Visually and sonically arresting, You Will See Everything is a visceral narration of grief. To discuss the process of creating the piece, as well as the responsibilities surrounding portrayals of difficult content, I spoke with writer/director Stella Green, producer Emily Hamilton, and designer Freddie Cotton.
The piece explores how childhood experiences of grief permeate into adult life, a conversation which Stella tells me “we’d never really seen outside of very private spaces”. To provide some insight into what to expect, Stella gave me four adjectives: weird, gnarly, ugly, ragey. I think the only word I’d add is ‘unsettling’ (in a great, powerful way). Most interestingly, Stella tells me to expect a “digital-film-theatre-music-video hybrid dense monstrous 20 minute monologue” which dissolves the boundaries of film, theatre and genre.
Born out of Stella’s writing over the past year, it became what Stella calls a “living, breathing thing” when brought into collaboration with Emily and Freddie under Definitely Fine. The piece, therefore, became a collaborative process, with a tight turnaround of only 28 days. The team also describe it as an exercise outside of comfort zones, which brought to mind just how outside of my comfort zone I felt as I was watching the piece.
The striking, other-worldly visual material is described by Freddie as “a constant feeling of being elsewhere.” Interestingly, Freddie’s creative process relied on feeling, over learned design experience, which appears to have been more effective in creating the set for a piece about grief. It seems Freddie’s creative process is as explorative and instinctual as Stella’s writing.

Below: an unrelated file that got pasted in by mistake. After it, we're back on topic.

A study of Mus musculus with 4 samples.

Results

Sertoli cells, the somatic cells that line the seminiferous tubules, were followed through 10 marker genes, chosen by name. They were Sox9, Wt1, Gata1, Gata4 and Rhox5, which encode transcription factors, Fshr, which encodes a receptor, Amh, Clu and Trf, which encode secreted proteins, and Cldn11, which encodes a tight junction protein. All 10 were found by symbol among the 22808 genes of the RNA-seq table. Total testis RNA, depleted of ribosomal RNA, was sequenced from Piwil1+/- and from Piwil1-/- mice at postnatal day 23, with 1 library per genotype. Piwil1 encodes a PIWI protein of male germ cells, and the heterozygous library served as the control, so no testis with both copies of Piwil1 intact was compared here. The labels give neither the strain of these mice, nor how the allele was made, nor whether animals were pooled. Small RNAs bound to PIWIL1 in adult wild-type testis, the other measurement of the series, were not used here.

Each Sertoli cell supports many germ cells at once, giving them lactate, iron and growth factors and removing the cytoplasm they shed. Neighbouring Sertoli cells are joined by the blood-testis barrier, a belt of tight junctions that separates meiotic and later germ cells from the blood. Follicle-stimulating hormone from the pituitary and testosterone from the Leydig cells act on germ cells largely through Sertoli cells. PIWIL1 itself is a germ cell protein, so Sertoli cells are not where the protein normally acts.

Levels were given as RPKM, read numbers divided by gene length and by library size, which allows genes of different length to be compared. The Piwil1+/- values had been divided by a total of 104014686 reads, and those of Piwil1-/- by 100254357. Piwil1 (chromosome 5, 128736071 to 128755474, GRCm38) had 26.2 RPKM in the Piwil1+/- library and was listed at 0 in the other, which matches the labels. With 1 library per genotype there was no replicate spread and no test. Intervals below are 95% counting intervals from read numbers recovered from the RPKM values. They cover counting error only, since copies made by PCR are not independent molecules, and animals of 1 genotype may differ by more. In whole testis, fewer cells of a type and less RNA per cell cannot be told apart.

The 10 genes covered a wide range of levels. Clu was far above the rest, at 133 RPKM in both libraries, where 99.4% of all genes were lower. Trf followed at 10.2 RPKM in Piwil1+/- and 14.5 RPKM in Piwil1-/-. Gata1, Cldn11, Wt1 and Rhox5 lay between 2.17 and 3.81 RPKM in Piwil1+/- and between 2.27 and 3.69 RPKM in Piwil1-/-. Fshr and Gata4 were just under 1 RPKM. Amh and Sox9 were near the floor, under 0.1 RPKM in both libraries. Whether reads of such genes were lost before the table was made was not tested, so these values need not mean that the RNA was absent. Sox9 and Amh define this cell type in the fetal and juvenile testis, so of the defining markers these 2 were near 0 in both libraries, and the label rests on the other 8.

This piece, in all its aspects, is built through an exploration of personal experience. Stella is interested in “writing about things that I initially feel afraid to write about, which are often my own experiences.” Her mum’s death began “bleeding into everything I was trying to write”, so much so that “the piece is sort of un-divorceably intertwined with my own experiences. But it’s also bigger than them.” Because of this, she found her directorial role jarring, navigating the balance between honouring her own feelings and her emotional responsibility to others in the room. What came from this was a collaborative and, again, explorative effort to let others throughout the process “be as authoritative as you regarding what the writing means”.
As the piece portrays incredibly difficult themes, I wondered about the duty of care the piece had to its audience. Emily observes that “a lot of us are heavily impacted by the art we consume”. And because theatre is made for audiences, “it is absolutely essential to take care of the people who have given up their time and/or money to watch whatever we are putting out there.” While she maintains that “we should absolutely be platforming these difficult conversations”, she stresses that “difficult or heavy work should not shock, devastate and then abandon its audiences.”
My conversation with Stella, Freddie and Emily portray You Will See Everything as an intensely collaborative and exploratory piece of work. There is a huge amount of care that has gone into this production, from the wider acknowledgement of how audiences may feel to the tiny details, each and every red thread.